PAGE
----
One of an auteur’s favorite things to center their films around is the art of cinema itself.

Filmmakers started off their careers as moviegoers and these experiences color and impact everything about how they write, direct and produce their own work.

Sam Mendes’ extensive theater and filmmaking background come to fruition with his latest film, Empire of Light, a languishing, self-indulgent look at the world of cinema through the eyes of a box office manager at the Empire Theater in south England.

It’s a movie that just screams out “CINEMA!” at the top of its lungs even though it doesn’t really understand what exactly that entails or means in the context of the story Empire is trying to tell.

At the core of its storytelling, Empire is a simple tale of a shy older woman played by Oscar winner Olivia Colman, who befriends and later falls for a black coworker played by Micheal Ward while she is simultaneously coerced into a sexual relationship with her boss.

Though he’s credited as the lone screenwriter, Mendes isn’t terribly concerned with the narrative at all. It simply serves as a basic structure to center his motif-driven feature on cinematic wonder during a formative time in the early 1980s. This makes Empire exceptionally inaccessible for some audiences who may struggle with the looseness of the narrative and lack of significant plot, yet at the same time, Mendes may draw in certain viewers with the painstaking care to which he showcases the meticulous craft of cinema.

Structurally, there’s a significant issue relating Colman’s character to Ward’s in a cohesive way as Mendes would rather show than tell audiences how their unlikely romance begins. 

Empire is more of a think piece than a considered theatrical experience, ironic given how many films are shown within Empire, most notably the Oscar-winning Chariots of Fire which plays a pivotal role in the second act.

Colman tremendously creates layers to her Hilary, especially as the film lingers on and audiences come to learn more of her backstory which complicates her relationships with everyone around her.

While it is not as bombastic nor driven as efforts by Cate Blanchett in Tár or Michelle Yeoh in Everything Everywhere All At Once, Colman has the ability to be equally as transfixing and carry the overall narrative forward with a performance that’s among the year’s best.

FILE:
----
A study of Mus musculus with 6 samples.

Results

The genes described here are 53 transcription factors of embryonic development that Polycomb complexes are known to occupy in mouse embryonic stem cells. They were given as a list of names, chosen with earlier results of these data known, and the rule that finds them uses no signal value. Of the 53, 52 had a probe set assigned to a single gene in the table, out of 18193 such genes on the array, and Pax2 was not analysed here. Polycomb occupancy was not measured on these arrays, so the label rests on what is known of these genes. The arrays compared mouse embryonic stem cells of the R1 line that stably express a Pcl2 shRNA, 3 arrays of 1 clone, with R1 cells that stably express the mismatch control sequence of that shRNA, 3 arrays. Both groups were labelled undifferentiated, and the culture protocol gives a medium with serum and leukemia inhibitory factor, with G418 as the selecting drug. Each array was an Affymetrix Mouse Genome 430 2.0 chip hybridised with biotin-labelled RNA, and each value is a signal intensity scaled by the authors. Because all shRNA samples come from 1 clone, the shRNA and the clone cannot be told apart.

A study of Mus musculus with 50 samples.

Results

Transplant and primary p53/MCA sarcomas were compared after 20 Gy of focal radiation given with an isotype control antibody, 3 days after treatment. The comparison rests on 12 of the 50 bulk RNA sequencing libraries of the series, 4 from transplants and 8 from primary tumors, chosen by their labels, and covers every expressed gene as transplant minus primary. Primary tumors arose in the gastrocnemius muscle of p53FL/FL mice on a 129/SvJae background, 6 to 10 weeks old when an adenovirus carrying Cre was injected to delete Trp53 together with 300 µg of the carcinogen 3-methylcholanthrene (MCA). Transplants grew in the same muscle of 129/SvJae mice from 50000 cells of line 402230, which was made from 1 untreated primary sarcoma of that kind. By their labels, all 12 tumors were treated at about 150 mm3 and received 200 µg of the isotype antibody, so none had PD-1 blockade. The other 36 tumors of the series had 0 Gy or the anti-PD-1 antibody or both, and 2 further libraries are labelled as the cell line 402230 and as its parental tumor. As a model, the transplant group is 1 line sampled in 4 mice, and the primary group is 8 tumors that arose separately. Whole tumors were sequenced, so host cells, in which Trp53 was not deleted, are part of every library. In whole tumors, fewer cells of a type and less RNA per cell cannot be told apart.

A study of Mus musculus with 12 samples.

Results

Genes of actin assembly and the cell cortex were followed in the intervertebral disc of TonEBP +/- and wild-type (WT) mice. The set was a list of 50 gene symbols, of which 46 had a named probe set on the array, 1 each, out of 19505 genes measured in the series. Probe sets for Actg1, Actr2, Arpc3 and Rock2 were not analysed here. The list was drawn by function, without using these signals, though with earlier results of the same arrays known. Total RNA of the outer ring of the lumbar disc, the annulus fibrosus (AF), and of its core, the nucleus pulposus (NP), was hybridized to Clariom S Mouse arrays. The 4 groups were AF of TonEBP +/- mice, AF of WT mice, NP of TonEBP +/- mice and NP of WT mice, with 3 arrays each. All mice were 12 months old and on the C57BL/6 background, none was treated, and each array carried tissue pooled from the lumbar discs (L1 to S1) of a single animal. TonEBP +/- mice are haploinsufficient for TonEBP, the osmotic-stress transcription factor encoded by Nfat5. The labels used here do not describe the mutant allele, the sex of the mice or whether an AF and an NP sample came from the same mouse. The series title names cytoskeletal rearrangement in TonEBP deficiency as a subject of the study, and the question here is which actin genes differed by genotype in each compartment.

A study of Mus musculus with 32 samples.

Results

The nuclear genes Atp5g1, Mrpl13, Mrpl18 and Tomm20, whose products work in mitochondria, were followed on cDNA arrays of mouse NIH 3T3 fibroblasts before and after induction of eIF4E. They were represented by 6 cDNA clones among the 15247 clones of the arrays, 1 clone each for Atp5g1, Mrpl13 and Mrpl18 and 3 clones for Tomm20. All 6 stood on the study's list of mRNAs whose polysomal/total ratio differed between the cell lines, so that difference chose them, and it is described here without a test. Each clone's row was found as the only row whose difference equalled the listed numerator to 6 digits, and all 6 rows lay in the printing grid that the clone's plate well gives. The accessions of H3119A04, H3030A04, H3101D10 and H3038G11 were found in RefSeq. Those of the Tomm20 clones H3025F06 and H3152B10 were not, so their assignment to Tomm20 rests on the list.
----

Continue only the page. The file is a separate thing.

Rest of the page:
Her primary counterpart in Ward’s Stephen is equally as subdued with a quiet earnestness and sentimentality that makes him somewhat a compelling character although much like James Gray’s Armageddon Time, Empire struggles to find the right tone when it comes to racial and societal implications it’s making and a pivotal scene to open the final act really isn’t properly foreshadowed well enough to balance with the overall tone of the film.

The supporting cast led by Firth as the theater head and Toby Jones as the projectionist is solid but given light character work due to Mendes’ very loose brushstrokes on plot development.

Without question, the MVP of Empire is the dynamic cinematography from director of photography Roger Deakins, a master at his craft who make every second of Mendes’ film a joy to watch even when the storytelling doesn’t live up to the same expectations.

He is especially adept at using light in all its forms, both in bright open spaces and tight confining moments as well as the contrasting nature of pitch-black darkened theaters to illuminate the picture coming through the Empire’s projector.

Many of the moments that work best in Empire come from Deakins’ ability to capture Mendes’ artistic vision for what cinema truly means to both moviegoers and the people who work to bring these cinematic tales to life. 

Though Empire of Light certainly isn’t for every moviegoer, ardent cinephiles willing to overlook the film’s structural shortcomings and live in the broader pen strokes of Mendes’ vision will find the film to be an intriguing experience in theaters.